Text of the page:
The 2022 season has been a turbulent one for the Arizona Cardinals in more ways than one. The biggest lightning rod surrounding the club has been quarterback Kyler Murray. This offseason, he inked a massive extension with the team, but that hasn’t stopped reports of tension between he and head coach Kliff Kingsbury.
To make the sailing even choppier, the club is in the middle of a 4-8 season in which it is on the outside looking in on the playoffs. The Cardinals also just lost their fourth game in five weeks Sunday against the Chargers, who scored at the last second and converted a two-point attempt to win at the buzzer.
After the loss, Murray was asked about a pivotal fourth-down interception on a throw lofted to DeAndre Hopkins. In is answer, he seemed to take a veiled shot a Kingsbury, saying, “That wasn’t for Hop actually. Schematically, we were kind of f***ed.”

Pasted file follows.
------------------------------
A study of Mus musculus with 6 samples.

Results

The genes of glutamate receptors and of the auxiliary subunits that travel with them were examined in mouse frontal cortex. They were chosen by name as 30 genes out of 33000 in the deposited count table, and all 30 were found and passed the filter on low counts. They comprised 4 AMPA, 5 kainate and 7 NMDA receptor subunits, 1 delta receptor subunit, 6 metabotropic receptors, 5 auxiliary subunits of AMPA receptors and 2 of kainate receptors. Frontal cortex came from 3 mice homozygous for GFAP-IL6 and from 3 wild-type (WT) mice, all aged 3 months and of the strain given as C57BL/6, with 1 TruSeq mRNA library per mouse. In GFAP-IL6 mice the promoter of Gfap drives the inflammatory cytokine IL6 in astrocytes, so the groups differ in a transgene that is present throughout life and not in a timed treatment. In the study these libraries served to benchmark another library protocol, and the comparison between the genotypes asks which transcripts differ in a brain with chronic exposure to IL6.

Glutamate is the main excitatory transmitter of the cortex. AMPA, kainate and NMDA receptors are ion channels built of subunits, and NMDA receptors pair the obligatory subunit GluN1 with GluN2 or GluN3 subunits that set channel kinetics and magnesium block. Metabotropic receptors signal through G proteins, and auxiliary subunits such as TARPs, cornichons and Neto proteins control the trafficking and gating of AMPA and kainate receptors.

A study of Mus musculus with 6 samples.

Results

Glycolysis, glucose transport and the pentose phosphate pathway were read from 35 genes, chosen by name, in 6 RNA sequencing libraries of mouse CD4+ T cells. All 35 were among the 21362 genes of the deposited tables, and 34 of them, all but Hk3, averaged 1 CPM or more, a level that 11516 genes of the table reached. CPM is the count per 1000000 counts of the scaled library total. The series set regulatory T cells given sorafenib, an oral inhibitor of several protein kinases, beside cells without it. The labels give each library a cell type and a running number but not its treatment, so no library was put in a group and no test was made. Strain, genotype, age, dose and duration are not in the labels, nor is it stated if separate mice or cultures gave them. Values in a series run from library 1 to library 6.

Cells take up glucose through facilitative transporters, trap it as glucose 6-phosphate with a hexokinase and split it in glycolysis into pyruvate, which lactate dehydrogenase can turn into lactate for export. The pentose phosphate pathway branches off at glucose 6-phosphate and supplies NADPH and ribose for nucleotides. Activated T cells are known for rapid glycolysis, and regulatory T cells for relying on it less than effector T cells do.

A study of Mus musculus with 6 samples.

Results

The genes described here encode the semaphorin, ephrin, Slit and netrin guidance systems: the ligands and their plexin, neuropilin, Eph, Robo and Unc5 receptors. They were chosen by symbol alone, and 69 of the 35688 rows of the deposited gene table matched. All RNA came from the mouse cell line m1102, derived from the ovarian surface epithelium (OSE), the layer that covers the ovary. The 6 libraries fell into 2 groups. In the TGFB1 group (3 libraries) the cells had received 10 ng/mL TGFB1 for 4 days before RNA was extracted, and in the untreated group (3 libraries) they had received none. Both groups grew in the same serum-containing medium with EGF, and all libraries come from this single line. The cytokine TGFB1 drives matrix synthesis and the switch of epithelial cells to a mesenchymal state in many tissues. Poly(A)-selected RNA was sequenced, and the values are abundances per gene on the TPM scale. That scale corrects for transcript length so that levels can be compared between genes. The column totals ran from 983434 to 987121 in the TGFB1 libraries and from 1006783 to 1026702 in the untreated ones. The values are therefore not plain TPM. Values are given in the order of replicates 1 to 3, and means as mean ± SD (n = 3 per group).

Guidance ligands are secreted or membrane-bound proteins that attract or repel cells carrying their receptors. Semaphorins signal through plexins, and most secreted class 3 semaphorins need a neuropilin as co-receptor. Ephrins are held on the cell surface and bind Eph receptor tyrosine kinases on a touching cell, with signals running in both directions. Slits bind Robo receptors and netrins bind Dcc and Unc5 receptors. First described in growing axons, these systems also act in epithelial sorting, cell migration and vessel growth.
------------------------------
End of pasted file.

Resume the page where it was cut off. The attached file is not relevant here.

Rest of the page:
While discussing the latest drama surrounding the Cardinals on CBS Sports’ “All Things Covered” podcast, Vikings cornerback Patrick Peterson — who played with Murray in Arizona — told co-host Bryant McFadden that the quarterback only cares about himself.
“Kyler Murray don’t care about nobody but Kyler Murray,” Peterson said, responding to McFadden saying it doesn’t seem like Murray cares about his head coach considering how he’s been speaking about the team publicly. “That’s just a matter of fact.”
Those comments got back to Murray, who reacted to Peterson on social media. On top of denying the perception that he’s selfish, Murray said that if Peterson really had a problem with him that he should call him directly instead of speaking about him on his podcast.
Peterson spent the first 10 years of his NFL career with the Cardinals and was teammates with Murray for his final two years in the desert. Murray arrived in Arizona in 2019 as the No. 1 overall pick in the draft, and Peterson departed the franchise after the 2020 season, inking a deal with the Minnesota Vikings. During their shared time with the Cardinals over those two seasons, the club was unable to get above .500 and was a combined 13-18-1 in the regular season.
While a two-season stint could be considered a short amount of time, Murray clearly didn’t make the best impression on Peterson.